Reports continue to rise that the U.S. debt is out of control. That we’re spiraling toward a certain financial death, evidenced by the fact that we now owe more than 100% of annual GDP.
Here is a recap of the weird outcomes of the fed’s money printing:
- The government actually owes less debt.
- The Federal Reserve owns $2.5 trillion in U.S. Treasury bonds, which they are legally allowed to hold to maturity, and then send back to the U.S. government as cash.
- Any bonds held to maturity can be thought of as forgiven debt.
According to a recent study by Rogoff and Reinhart, this is well beyond the threshold of where economies struggle. And we’re not alone. Several other countries have the same high level of debt outstanding, and Japan is at the top of the list, owing almost 250% of GDP. Clearly, we’re all going to die.
The only problem is, we’re still kicking.
Markets still function, ATMs still work, and inflation remains tame. It’s possible these things could change. We could hit a point in our debt load where things suddenly become unbearable, the U.S. dollar and other currencies become unhinged, and prices soar as currencies implode.
But I don’t think that’s going to happen, and we have an unlikely group to thank — central bankers.
I’m no fan of the Fed, the Bank of Japan, the ECB, or most any other central bank for that matter. I think their misguided policies, especially quantitative easing, have done more economic harm than good, stealing money from savers while pushing on a rope to encourage spending.
But one weird outcome of money printing is that the government owes less debt.
Small, unstable countries typically print more money when the government is unable to borrow in foreign markets. To keep paying their bills, they print more currency, which causes everyone — domestic and foreign — to run for the exits. The outcome is predictable. The currency falls faster, leading to runaway inflation.
But when large, stable countries, such as the U.S. and Japan, print money, it’s for a different reason. We have no trouble borrowing, a function of the Treasury, which is obvious given our extremely low interest rates.
Instead, our central banks print money to battle a lack of inflation, and even outright deflation, which has nothing to do with Treasury actions. However, the central banks are affecting the government coffers because of what they choose to buy, and what happens after the purchase.
Typically, central banks buy assets to put more cash in the economy, which is supposed to drive down interest rates and make loans easier to get. These are the main reasons for quantitative easing.
At some point in the future, when inflation is ticking higher, central bankers are expected to sell the bonds they’ve purchased. This will take cash out of the economy and drive interest rates higher.
But what if they don’t?
The Federal Reserve owns $2.5 trillion in U.S. Treasury bonds. There is no law or regulation stipulating the bonds must be sold. Instead, the Fed can hold them to maturity… and then send the cash right back to the U.S. government.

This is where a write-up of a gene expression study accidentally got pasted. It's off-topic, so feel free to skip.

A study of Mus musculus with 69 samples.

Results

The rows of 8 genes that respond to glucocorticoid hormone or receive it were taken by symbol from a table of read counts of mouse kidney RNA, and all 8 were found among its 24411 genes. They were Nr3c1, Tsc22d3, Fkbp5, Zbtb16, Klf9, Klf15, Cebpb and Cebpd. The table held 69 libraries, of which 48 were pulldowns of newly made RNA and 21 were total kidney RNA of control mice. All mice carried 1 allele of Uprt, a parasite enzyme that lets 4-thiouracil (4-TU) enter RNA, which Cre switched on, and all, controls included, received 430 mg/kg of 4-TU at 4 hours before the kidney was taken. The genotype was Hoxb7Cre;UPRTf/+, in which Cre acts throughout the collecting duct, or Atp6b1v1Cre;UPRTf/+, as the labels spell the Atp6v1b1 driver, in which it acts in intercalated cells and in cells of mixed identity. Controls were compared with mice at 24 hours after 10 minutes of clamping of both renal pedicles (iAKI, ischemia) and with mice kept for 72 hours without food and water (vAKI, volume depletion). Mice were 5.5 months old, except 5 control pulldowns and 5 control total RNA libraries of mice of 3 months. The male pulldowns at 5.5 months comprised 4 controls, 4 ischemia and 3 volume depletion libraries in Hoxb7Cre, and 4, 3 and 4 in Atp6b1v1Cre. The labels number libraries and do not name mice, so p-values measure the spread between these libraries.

Since the Fed sends all extra cash back to the U.S. Treasury, then any U.S. bond the Fed buys and holds to maturity can be thought of as forgiven debt. The U.S. Treasury will pay the interest and principal to the Fed, but the Fed will send it right back a few days later.
If the Fed holds all of its U.S. Treasury bonds to maturity, and remits the funds to the U.S. Treasury instead of buying more bonds, then effectively the central bank has reduced our debt load by $2.5 trillion, or roughly 13%.
For other countries, the effect is even bigger. The Bank of England holds 15% of Great Britain’s outstanding debt, and the Bank of Japan owns a full 25% of all Japanese government debt.
When these amounts are removed from our debt calculations, the numbers get a bit more manageable. U.S. debt outstanding drops from 110% of GDP to 95%, while Japan’s debt falls from 250% of GDP to 187%.
Currently, the U.S. federal budget deficit stands at around $517 billion. Based on this relationship, in which the Fed can hold bonds to maturity and send the cash to the U.S. government, the Fed could effectively “print” $517 billion, and voila. Zero new net debt is added.
The problem with this approach is that it probably would not survive the extreme bound of the logic.
If we were able to attack our government debt through money printing, then why not have the Fed print another $16.5 trillion, buy it all, and be done with it?
At that point, we might lose the one thing that keeps all current currencies afloat — confidence. Without any tangible backing, currencies have value only because investors and citizens have confidence that they will not be excessively devalued through government or central bank action.
In developed countries where central banks are trying to create inflation, how much printing is too much?
There is no answer. It’s only knowable after the fact. Given the horrible social consequences of a failed currency, it’s not something I’d like to see tested in the U.S., or anywhere else for that matter. So even though money printing might have an odd positive attribute (lowering government debt outstanding), it’s not worth the risk.
Instead, we should reduce our government debt the old-fashioned way, by living within our means. Unfortunately, that policy has no chance in our current political climate.
That could change with another financial crisis.
While the Fed could hypothetically print half a trillion dollars to stop debt from rising further, that won’t be possible if the economy takes another nosedive, and annual deficits quickly climb back to $1 trillion, as Harry Dent argues in our Boom & Bust for July. In 2009, the deficit actually reached $1.4 trillion.
At that point — when deficits balloon out of control, and debt rises dramatically with no end in sight — government will have to make some cuts.